Washington Post reporters break down Tuesday's vote in four key states.
John McCain lavished attention on Pennsylvania in the closing days of Campaign 2008. It paid off, but not enough. Voters who said they made up their minds in recent days went for the Republican nominee, according to network exit polls. But McCain's failure to rack up enormous margins in the state's rural center -- the only real recipe for GOP success here, and for a come-from-behind McCain win in the electoral college -- ultimately cost him Pennsylvania's 21 electoral votes.
The U.S. senator from Arizona was damaged by large defections in the 50-to-64 age group, a constituency that was evenly split four years ago but gave Sen. Barack Obama (D-Ill.) a 15-point margin this year, according to exit polls.
The racial makeup of this year's electorate in Pennsylvania was nearly identical to that of 2004. But Obama polled better than Sen. John F. Kerry (D-Mass.) did with whites (by 3 percentage points) and blacks (by 11 percentage points), according to exit polls.
McCain eked out a win among the state's large Catholic population, but he lost among other Christian voters. He also drew support from 20 percent of the voters who said they had supported Clinton.
Obama's message of change seems to have resonated in Pennsylvania, where 18 percent of voters told exit pollsters that experience was the top quality they were looking for in a candidate.
One more factor: A narrow group of Pennsylvanians said they were first-time voters this year. They went overwhelmingly for Obama.
-- Ceci Connolly
Sen. Barack Obama built his victory in Florida, a state that has been synonymous with heartbreak for many Democrats since 2000, by following the blueprint of Democrats before him -- and then systematically improving upon their numbers.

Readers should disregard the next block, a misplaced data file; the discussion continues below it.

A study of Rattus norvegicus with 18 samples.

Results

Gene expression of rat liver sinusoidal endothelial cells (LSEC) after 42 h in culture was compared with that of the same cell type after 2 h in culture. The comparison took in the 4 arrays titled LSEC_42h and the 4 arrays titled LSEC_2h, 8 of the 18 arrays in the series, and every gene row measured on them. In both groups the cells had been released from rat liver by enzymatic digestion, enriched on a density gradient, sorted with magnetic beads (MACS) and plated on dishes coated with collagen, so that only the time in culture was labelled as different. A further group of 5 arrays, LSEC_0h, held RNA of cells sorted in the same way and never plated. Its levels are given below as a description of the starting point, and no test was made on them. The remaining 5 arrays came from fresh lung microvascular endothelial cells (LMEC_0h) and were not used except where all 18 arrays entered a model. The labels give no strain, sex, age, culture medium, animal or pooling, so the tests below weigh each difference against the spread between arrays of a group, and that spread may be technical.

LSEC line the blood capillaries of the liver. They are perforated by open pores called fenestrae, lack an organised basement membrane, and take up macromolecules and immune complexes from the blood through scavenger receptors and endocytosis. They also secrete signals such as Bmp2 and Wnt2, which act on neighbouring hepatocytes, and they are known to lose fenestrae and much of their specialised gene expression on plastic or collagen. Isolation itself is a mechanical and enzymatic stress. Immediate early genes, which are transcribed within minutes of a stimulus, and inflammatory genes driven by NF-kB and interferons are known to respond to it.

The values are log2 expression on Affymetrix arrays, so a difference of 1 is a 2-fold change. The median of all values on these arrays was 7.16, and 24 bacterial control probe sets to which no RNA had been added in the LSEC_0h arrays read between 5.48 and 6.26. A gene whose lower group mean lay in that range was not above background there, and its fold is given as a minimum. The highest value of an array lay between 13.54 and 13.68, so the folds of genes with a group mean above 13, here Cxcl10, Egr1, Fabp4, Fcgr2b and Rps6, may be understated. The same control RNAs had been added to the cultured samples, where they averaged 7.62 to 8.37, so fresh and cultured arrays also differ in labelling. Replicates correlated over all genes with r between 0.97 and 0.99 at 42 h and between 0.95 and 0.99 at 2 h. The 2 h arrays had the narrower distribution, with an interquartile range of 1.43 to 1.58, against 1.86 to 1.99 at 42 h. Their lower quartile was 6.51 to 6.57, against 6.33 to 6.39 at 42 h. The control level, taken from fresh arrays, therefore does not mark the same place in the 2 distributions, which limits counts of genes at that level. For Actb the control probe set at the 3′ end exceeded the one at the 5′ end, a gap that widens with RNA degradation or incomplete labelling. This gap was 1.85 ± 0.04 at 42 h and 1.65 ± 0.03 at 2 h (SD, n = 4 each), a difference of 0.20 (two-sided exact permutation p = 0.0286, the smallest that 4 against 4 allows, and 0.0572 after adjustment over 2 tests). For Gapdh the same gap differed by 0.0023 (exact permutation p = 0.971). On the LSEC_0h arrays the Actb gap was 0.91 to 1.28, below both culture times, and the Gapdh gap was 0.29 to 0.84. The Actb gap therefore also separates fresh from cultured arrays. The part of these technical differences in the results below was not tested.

Most dramatic was his win among Hispanics, whom former White House political guru Karl Rove had avidly wooed. Four years ago, President Bush won 56 percent of the Latino vote in the state, thanks primarily to the influence of conservative Cuban-Americans. But this year, Hispanics swung to the Democratic column, giving the candidate from Illinois 57 percent of their votes, according to network exit polls. Another boost to Obama: Turnout among Latinos was up from 2004.
Although the majority of Floridians said race was not a factor in their decision, the black-white divide this year closely resembled the state's racial split in 2004. The difference was the margins. Sen. John McCain (R-Ariz.) drew about the same level of support from white voters as Bush did four years ago, but Obama's margin among black residents -- who also turned out in larger numbers to back the first black major-party presidential nominee -- was nearly 10 percentage points higher than the one in 2004 for Sen. John F. Kerry (D-Mass.).
Florida's vote clearly split along economic lines, too, according to the exit polls. Voters making more than $50,000 chose McCain over Obama. The Republican nominee also won among evangelicals, Catholics and voters older than 64. But McCain's margins there were generally slimmer than Bush's.